05 April 2016   (0 Comments)
Posted by: Author: Linda Ensor

There are fewer places to hide for people illegally hoarding cash and avoiding taxes, a Treasury official said on Monday.

More than 11.5-million financial and legal records of secret offshore companies and individuals have been leaked to a global team of journalists. Those implicated in the now infamous scandal known as the Panama Papers include top politicians and businessmen.

The revelations follow last year’s disclosures that HSBC’s Swiss division had helped wealthy customers from more than 203 countries evade taxes on secret accounts. It was claimed that South Africans had R23bn in more than 2,200 accounts.

The South African Revenue Service (SARS) responded to the claims by giving those with illegal accounts a deadline to come clean or face penalties.

Treasury deputy director-general Ismail Momoniat said the Panama Papers demonstrated that the secret accounts held in the country would be revealed despite Panama resisting participation in the Organisation of Economic Co-operation and Development (OECD) agreement for the automatic exchange of information by tax authorities, which comes into force in the second half of 2017.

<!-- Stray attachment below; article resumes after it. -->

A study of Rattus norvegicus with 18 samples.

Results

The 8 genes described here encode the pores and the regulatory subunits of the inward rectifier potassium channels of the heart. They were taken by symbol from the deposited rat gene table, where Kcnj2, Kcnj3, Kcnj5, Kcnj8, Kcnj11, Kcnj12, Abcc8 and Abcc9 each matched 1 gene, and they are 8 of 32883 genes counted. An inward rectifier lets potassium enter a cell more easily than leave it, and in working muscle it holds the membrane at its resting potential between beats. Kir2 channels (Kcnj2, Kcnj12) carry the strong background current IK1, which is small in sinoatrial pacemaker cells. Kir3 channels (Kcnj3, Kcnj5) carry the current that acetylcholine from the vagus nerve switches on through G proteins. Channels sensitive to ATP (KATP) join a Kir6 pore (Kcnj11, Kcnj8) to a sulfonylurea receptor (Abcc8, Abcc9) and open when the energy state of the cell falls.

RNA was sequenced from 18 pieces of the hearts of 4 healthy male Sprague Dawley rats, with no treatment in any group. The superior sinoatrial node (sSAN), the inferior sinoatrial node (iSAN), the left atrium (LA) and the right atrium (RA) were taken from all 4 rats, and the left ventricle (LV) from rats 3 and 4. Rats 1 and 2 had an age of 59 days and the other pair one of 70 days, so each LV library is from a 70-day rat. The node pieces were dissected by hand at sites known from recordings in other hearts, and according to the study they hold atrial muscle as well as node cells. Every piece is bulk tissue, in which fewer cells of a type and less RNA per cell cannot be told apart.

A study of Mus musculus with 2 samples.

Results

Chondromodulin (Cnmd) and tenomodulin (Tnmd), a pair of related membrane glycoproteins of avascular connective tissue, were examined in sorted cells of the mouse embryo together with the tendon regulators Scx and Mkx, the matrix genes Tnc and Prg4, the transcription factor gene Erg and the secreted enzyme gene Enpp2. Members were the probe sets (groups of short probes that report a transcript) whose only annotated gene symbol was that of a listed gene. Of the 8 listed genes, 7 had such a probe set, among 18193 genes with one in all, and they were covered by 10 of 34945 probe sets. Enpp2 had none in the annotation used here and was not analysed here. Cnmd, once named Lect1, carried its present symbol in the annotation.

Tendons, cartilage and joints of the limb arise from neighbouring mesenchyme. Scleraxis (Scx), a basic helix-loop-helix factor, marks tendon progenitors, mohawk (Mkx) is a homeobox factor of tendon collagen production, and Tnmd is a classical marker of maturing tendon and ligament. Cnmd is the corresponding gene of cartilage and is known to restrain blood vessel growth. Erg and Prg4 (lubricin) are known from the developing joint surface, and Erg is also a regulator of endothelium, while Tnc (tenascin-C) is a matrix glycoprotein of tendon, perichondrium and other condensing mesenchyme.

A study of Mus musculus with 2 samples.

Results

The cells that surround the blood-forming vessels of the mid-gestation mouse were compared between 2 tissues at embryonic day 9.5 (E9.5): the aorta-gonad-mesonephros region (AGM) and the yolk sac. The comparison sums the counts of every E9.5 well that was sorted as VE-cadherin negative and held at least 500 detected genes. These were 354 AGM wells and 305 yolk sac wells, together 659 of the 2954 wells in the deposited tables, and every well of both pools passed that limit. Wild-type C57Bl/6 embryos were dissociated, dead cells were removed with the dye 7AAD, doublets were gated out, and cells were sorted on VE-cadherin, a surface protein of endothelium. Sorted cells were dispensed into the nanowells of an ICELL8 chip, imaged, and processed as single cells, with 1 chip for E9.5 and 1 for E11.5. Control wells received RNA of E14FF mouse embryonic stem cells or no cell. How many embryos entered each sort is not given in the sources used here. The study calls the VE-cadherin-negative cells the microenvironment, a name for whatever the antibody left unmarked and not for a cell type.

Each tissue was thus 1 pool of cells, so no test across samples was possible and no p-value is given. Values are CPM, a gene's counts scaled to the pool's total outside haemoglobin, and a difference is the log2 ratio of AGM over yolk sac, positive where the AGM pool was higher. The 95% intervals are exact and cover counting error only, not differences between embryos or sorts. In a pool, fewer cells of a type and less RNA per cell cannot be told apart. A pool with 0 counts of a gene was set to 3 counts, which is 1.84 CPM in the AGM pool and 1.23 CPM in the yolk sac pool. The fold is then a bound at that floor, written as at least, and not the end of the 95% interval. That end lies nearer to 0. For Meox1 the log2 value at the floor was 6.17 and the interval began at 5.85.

There was no guarantee that countries remaining outside the net of the agreement would be able to maintain the confidentiality of the financial information.

"This kind of information is going to come to the fore and we can expect much more," Mr Momoniat said.

More than 90 countries have committed to begin the automatic exchange of information between next year and 2018.

But Panama has said it was only prepared to exchange information on the basis of bilateral agreements, and only in response to specific requests for information, to ensure the protection of confidentiality. It proposed its own model but the OECD rejected this and has included Panama on the grey list alongside Bahrain, Nauru and Vanuatu, which have so far not announced whether they will adhere to the agreed model.

Ahead of the coming into force of this agreement, the Treasury has proposed a tax and foreign exchange amnesty for those with illegally-held offshore assets. This will allow people and companies to regularise their financial affairs before these are uncovered through the automatic exchange of information.

The draft law outlining how the amnesty will operate is due to be presented to Parliament’s standing committee on finance shortly.

SARS spokesman Sandile Memela said on Monday that they had taken note of reports concerning the Panama Papers and the level of tax avoidance worldwide.

SARS would "analyse the information to act in a responsible and appropriate manner" when the information became available.